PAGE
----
The purpose of NotImplementedError is defined in the Ruby docs:

NotImplementedError is raised when a feature is not implemented on the current platform. For example, methods depending on the fsync or fork system calls may raise this exception if the underlying operating system or Ruby runtime does not support them.

So whenever I see code like this:

I cringe. Raising NotImplementedError simply to signal that a subclass didn’t abide by the contract of its superclass is an abuse of the error. The error is intended to be raised when a method cannot be implemented due to a limitation of the underlying platform (OS or Ruby runtime).

notimplementederrorForget NotImplementedError

So what should you do when you write something in Ruby that relies on an abstract method? The “most Ruby” thing to do would be to not implement the method at all. Instead, document the expectation and if a subclass fails to meet it a NameError , or often its subclass NoMethodError , will be raised automatically.

If a subclass of Vehicle does not quack like a Vehicle then it’s not really a Vehicle, and the Ruby interpreter will let us know with a loud NameError. Keep your ducks in a row and you’ll find little need for NotImplementedError.

Get comfortable with ducks

I admit, I am guilty of abusing NotImplementedError. I did it a few times early in my Ruby career, after years of being a Java programmer. In Java, and many other languages, you must declare any abstraction that your code relies upon. If you don’t the compiler will yell at you. When I first started with Ruby it was uncomfortable to not declare my abstractions. I found comfort in empty body methods and NotImplementedError. After awhile, however, not declaring the abstraction at all started to make the most sense. Ruby relies on duck typing, and its only expectation is that the receiver of a message respond. If the receiver cannot respond then it’s the job of the interpreter to let you know. This gives us a lot of power. It allows the implementation of an abstract method to come from anywhere. In the example above it’s expected to be defined by a subclass. It could just as easily come from a mixin, a class redefinition, or runtime metaprogramming.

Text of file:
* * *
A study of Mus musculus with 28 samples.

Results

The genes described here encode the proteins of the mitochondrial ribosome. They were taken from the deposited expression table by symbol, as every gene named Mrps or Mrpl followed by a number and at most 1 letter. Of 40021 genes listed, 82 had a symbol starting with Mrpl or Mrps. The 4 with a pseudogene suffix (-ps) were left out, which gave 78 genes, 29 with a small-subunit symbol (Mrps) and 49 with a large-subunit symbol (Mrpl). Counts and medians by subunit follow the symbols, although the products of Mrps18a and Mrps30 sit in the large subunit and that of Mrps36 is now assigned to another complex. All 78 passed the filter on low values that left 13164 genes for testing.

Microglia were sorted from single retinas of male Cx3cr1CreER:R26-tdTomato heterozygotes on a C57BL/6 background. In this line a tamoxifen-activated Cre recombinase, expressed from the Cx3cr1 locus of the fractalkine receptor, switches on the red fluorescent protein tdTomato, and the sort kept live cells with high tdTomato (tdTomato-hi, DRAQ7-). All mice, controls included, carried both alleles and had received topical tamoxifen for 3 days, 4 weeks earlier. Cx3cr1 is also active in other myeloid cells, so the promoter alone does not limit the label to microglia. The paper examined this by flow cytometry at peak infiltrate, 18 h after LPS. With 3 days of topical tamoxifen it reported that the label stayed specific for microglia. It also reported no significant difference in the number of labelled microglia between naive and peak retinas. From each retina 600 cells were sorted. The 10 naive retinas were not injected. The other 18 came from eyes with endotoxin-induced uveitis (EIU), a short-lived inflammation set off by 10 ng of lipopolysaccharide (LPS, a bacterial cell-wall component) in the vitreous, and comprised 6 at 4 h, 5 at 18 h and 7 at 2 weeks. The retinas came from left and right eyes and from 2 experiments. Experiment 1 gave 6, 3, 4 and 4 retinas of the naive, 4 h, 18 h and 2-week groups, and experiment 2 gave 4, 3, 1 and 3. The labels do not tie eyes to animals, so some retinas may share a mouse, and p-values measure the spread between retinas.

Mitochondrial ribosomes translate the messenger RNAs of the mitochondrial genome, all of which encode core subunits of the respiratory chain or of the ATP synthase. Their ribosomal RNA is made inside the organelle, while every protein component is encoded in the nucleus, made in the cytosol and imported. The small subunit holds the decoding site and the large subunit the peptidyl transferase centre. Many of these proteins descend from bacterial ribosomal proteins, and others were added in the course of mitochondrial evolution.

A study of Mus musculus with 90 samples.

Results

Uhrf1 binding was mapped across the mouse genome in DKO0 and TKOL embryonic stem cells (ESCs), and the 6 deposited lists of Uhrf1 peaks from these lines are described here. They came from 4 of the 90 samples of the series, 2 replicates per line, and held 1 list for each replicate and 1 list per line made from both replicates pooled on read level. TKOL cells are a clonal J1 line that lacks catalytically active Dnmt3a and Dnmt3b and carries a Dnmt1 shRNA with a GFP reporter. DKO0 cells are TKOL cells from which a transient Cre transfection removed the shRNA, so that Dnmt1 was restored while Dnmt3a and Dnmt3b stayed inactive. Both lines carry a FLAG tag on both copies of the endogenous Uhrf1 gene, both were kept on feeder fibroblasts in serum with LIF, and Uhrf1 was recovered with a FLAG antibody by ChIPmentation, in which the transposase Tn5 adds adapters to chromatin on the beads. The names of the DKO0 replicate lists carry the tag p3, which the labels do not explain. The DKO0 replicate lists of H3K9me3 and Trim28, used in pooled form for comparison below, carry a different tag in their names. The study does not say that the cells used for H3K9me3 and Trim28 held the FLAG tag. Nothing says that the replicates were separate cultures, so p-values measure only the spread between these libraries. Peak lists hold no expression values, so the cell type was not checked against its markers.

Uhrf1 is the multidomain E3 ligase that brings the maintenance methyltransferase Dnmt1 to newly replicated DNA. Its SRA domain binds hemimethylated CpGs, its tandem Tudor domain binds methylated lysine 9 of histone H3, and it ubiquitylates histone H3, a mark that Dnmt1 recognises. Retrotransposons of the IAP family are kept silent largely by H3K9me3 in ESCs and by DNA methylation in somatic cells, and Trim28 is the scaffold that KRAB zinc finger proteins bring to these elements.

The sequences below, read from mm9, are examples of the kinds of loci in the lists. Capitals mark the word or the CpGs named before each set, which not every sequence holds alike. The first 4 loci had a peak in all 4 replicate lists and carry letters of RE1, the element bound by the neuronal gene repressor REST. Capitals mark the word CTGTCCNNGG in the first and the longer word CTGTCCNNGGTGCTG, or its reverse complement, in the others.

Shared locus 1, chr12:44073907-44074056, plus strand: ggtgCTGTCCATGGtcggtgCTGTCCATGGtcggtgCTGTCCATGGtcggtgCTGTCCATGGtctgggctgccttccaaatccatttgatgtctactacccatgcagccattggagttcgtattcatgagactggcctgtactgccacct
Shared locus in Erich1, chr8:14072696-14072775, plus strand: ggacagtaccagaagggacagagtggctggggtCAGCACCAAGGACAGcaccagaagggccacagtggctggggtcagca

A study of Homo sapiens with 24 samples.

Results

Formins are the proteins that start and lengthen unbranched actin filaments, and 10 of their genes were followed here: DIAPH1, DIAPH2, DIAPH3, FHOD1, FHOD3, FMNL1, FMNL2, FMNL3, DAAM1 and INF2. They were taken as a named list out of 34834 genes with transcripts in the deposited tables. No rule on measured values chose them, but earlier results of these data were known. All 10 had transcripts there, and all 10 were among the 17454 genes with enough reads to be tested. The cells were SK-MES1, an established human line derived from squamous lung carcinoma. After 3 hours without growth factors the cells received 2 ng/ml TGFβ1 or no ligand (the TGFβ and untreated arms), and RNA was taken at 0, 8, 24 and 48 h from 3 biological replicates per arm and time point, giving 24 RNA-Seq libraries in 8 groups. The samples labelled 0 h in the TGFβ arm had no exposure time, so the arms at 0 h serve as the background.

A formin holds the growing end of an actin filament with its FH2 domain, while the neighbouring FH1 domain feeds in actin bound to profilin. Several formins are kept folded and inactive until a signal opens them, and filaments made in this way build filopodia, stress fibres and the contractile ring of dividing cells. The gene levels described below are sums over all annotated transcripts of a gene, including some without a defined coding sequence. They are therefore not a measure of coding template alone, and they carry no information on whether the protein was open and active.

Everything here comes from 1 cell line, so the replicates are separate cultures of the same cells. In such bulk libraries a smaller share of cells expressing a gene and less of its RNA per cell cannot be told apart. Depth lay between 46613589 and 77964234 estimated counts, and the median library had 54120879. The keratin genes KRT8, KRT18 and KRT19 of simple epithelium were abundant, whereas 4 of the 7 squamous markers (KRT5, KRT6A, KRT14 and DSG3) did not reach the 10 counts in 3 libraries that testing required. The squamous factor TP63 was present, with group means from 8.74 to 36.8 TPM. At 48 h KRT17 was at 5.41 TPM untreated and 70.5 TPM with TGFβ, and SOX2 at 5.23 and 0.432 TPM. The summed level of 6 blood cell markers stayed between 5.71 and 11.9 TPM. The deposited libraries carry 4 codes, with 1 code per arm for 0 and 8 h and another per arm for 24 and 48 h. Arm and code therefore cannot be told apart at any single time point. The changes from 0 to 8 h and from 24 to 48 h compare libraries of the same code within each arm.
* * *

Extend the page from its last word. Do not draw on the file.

Next time you want to raise NotImplementedError please stop. 95% of the time it is not what you’re looking for. Instead consider documentation. You’ll get the comfort of declaring the abstraction and you’ll keep it real with Ruby.

Got questions or feedback? I want it. Drop your thoughts in the comments below or hit me @ccstump. You can also follow me on Twitter to be aware of future articles.

Thanks for reading!


Published in dev


  1. I believe there is tremendous benefit to the NotImplementedError that is not realized when you simply add comments to your base class.

    The problem with not using NotImplementedError is that your non-implemented method could be called from literally anywhere in your code base. It might be a third party library, it might be the base class, it might be a class elsewhere in the library, etc. And when a NoMethodError is raised, it will be from the place that calls the missing method.

    This will simply leave the implementer of your base class stumped and confused. It will not necessarily direct them to the base class where they can read the documentation you’ve left in the form of comments. Additionally, if your code is in the form of a gem, it may be difficult, especially for a new developer, just to *find* the code for the base class.

    Much better to throw in a NotImplementedError, along with some documentation, because that is where the exception will be raised. In the base class, right next to the documentation about how a user is supposed to implement that method.

    And if your code is wrapped up in a gem, the developer will still be able to see the filename/line-number, so they can look it up, even it is deeply hidden somewhere in their system files.

    • Valid points. If you’re more comfortable raising an exception then I’d suggest a custom exception instead of the standard library’s NotImplementedError which, as mentioned, is documented as existing for a different purpose.

  2. Ben Ben

    hi there, thank you for sharing your views i appreciate it:

    Sandi Metz seems to suggest that raising some type of error – anything at all – is better than the no method error situation which arises if the super class relies on the sub-class to implementing the method exclusively. In other words, better to be explicitly clear – so that things are obvious at a glance.

    she suggests that things might be obvious for the immediate developer, but a future one who doesn’t undersetand the code base, may be confused if such an exception is not raised. i share this view, even though tehcnically, the exception may not be the correct one.